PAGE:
TAPA launched its Parking Security Requirements (PSR) – a tiered certification programme for parking operators – a year ago, giving members an online planning tool so they can select secure sites, as well as providing crime intelligence along the route.
The EU has come up with a similar strategy, a list of secure parking places and an action plan with certification framework, as well as funding opportunities to boost existing capacity. The EC’s Safe & Secure Truck Parking Audit will be available later this year and offer a one-stop website for parking place owners, auditors and audit entities.
“As a result of the proactive actions taken by TAPA and the EU, we now see a unique window of opportunity for a significant step change in secure parking in Europe,” said Thorsten Neumann, TAPA chief executive.
“Having already collaborated with the EC study, we are keen to take this to the next stage and see how we can further leverage TAPA’s partnership with the EU to bring the most robust secure parking programme across the continent.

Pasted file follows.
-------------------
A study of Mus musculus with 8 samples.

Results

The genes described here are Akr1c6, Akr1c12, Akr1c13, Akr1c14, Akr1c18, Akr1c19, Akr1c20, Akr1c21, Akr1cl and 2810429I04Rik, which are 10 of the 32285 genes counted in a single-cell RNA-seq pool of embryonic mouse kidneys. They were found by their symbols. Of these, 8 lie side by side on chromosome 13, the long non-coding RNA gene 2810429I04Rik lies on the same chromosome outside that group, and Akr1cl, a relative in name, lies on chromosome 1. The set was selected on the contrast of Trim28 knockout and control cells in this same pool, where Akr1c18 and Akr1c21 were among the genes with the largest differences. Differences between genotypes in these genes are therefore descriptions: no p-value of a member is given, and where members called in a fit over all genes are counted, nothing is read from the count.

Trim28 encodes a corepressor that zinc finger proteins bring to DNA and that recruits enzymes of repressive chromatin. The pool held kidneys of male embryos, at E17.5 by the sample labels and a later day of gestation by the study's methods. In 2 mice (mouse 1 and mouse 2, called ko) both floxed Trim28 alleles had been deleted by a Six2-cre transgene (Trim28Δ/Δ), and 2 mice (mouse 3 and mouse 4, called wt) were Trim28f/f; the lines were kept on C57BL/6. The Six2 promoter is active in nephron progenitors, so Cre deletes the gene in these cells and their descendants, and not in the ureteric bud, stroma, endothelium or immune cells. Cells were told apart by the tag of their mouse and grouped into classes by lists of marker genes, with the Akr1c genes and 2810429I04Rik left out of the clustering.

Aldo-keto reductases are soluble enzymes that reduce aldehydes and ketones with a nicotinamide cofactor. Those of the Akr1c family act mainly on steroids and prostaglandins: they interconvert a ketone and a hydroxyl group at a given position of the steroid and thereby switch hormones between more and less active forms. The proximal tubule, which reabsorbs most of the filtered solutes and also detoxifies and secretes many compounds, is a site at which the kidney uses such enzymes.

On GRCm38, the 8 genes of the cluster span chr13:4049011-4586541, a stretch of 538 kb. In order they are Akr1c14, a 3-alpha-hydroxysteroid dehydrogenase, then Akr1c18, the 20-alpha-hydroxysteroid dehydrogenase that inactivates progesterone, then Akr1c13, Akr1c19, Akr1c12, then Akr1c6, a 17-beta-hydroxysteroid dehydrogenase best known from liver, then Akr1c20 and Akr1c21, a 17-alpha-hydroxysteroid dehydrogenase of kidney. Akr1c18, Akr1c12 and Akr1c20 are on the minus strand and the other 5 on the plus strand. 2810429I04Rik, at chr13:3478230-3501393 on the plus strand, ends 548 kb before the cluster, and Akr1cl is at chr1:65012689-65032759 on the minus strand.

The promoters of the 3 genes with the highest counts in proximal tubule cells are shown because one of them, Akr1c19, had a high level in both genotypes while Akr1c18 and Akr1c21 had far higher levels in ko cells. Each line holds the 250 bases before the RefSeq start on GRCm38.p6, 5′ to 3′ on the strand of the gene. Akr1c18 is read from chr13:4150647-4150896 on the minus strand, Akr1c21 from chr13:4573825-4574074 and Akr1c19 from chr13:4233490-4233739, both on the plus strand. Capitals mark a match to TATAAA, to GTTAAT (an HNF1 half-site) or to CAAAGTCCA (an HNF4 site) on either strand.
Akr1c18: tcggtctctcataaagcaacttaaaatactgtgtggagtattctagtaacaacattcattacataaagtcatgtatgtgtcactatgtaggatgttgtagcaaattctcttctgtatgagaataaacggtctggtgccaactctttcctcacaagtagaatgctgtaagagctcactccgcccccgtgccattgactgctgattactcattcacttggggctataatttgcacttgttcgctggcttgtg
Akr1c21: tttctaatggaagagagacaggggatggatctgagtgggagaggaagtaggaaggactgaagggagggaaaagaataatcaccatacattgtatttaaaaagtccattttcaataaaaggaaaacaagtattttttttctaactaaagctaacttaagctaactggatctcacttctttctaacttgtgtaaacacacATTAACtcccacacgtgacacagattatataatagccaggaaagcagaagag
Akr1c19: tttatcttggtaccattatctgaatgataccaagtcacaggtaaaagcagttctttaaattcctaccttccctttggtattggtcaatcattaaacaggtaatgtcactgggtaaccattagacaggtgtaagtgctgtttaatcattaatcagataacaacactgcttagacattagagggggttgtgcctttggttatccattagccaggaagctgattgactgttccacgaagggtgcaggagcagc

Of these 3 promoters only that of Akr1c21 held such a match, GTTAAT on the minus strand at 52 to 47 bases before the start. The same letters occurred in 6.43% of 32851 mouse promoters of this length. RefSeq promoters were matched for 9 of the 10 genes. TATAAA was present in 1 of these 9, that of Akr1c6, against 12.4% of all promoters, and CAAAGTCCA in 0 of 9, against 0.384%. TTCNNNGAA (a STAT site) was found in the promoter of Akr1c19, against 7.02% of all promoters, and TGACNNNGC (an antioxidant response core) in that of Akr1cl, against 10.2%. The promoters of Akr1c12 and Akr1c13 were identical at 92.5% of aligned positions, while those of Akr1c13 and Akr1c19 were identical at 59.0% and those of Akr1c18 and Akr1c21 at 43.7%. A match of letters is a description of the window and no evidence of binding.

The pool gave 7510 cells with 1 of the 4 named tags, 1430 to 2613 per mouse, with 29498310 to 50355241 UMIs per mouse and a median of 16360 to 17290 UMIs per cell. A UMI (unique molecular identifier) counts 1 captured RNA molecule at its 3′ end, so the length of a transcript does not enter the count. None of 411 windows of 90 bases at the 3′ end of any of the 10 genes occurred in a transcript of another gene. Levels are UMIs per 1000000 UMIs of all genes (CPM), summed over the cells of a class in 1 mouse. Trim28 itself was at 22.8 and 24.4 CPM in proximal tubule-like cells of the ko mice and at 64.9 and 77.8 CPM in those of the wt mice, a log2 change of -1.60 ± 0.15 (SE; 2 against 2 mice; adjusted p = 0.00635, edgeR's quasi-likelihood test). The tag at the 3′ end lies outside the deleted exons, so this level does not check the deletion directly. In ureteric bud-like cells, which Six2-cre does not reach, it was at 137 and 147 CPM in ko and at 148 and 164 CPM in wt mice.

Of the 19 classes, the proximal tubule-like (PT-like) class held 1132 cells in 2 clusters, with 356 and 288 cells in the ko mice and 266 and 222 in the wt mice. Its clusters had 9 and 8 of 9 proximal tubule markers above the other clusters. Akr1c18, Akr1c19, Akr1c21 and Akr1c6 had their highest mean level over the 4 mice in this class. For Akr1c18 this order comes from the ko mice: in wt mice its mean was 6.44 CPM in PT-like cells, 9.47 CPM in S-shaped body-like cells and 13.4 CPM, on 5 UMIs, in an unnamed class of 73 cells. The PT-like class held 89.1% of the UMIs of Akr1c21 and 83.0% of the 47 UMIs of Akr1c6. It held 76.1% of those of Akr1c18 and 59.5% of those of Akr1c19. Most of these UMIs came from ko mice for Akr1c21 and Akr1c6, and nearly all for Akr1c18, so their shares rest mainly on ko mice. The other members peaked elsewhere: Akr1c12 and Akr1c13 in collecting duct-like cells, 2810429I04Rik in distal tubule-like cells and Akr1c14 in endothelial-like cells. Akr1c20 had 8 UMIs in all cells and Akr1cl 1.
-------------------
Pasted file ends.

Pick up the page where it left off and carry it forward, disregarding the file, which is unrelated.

“We will continue to move forward with our own PSR security standard while our discussions with the EU continue, but we can see a lot of common ground to align our respective programmes and provide a solution to satisfy the high demand for all levels of secure truck parking.”
Recorded cargo thefts in the first half of the year in Europe, the Middle East and Africa amounted to more than €55m, or some €305,000 a day, in 4,198 incidents, making it a record year and up 5.1% on last year. However, TAPA said the number was “only a fraction of the full impact”.
“The vast majority of crimes still are not being reported to us, but we and other associations we are engaged with estimate the true loss to be billions of euros every year in our region,” said Mr Neumann.
In the second quarter, the top ten countries for recorded losses were France, Germany, the Netherlands, UK, Spain, Russia, South Africa, Belgium, Romania and Italy – accounting for 91.8% of all incidents added to the TAPA IIS database.
In product categories, the highest losses were in tobacco products, food and drink, furniture and household appliances, clothing and footwear and cosmetics and hygiene goods. The highest-value loss in the quarter involved the theft of €10m in cash from the cargo hold of an aircraft at Tirana Airport in Albania on 9 April.
But the majority of cargo losses were from trucks, mostly when parked in unsecured or unclassified locations. In the second quarter, theft from vehicles represented 57.4% of the total, with 61% from trucks in unclassified parking locations.